The dti welcomes Sasol BEE deal 14 September 2007

    The Department of Trade and Industry (dti) welcomes the announcement by Sasol Ltd of the broad outlines of a black economic empowerment (BEE) deal. The deal, which will see 10% of Sasol sold to broad-based empowerment groups, will be largest-ever BEE deal in the South African economy, worth some R18 billion based on Sasol's market capitalisation.

    Sasol is already one of the largest South African multinationals, with mining and energy operations across all continents. It is also the largest industrial investor in the South African economy. In the department's view, it is only appropriate that such a company should be one of the champions of black economic empowerment and other forms of transformation in the economy.

    While we await the final details of the transaction, it appears to be broad-based in nature and will include, inter alia, the participation of black women, co-operatives, black suppliers and customers, black youth, the facilitation of new entrants into the industry, and a proposed Employee Share Ownership Scheme (ESOP). The involvement of the Sasol Foundation, which seeks to produce critical skills in Engineering, Science and Technology, is also exciting, and indicates that the company has adopted a long-term view to empowerment. In these aspects, we believe that Sasol's proposed BEE deal is broadly in line with government's codes of good practice for Broad-Based Black Economic Empowerment (BBBEE).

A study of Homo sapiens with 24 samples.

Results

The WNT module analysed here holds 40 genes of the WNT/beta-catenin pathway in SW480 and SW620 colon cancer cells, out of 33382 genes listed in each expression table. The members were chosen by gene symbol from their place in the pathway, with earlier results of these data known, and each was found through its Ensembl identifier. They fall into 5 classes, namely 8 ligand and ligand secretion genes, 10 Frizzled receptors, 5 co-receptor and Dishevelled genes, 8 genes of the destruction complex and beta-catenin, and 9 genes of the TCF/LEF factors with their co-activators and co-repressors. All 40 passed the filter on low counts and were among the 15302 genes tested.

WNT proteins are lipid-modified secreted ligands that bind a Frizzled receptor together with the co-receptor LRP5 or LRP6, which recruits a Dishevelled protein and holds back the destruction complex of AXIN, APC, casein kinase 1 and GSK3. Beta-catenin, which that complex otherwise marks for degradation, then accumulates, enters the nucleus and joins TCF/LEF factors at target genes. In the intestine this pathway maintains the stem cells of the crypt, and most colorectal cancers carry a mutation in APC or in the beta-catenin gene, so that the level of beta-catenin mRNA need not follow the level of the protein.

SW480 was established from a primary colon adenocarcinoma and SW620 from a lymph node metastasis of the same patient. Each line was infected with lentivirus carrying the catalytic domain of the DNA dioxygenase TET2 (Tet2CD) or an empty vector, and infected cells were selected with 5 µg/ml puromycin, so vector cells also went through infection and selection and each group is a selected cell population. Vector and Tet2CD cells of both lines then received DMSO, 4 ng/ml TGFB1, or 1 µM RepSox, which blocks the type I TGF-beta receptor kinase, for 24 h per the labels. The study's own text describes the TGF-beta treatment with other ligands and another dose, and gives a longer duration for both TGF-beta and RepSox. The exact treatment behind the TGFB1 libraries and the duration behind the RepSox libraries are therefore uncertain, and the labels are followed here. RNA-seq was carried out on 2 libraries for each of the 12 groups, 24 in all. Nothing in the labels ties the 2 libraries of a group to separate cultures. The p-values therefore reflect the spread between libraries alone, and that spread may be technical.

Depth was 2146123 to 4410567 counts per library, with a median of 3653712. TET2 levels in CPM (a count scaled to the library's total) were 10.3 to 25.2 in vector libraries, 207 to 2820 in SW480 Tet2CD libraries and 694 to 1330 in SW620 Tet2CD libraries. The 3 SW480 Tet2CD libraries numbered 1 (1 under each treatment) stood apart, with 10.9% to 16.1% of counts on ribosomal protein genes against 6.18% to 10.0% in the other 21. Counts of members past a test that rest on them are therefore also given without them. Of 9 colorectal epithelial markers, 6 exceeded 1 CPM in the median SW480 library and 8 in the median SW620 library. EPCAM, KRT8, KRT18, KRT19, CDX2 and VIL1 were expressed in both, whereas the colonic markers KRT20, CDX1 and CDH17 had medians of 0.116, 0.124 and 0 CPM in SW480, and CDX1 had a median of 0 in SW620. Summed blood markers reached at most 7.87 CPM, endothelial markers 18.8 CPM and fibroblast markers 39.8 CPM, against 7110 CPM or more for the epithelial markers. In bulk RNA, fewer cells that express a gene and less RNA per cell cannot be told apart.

Having said this, the dti is concerned that Sasol's proposed Employee Share Ownership Programme (ESOP) falls short of the level of empowerment envisioned in the codes. The BEE Act and its accompanying Codes of Good Practice were specifically intended for the benefit of black South African citizens. This therefore means that when reviewing a BEE transaction of this nature recognition will only be given to the extent that black South Africans benefit from the transaction. In the case of the Sasol transaction as the 4% allocation made for an ESOP is to be shared amongst permanent residents as well as white employees it is not clear what the effective allocation will be to black South African employees.

    In view of the statement made by Sasol in their announcement that the final details of the deal will be announced in 2008, the dti trusts that this and any other flaw in the transaction will be ironed out, so that the deal, in its final formulation, fully embraces all the aspects of empowerment set out in the codes.

    Last edited by Dave A; 15-Sep-07 at 07:04 AM.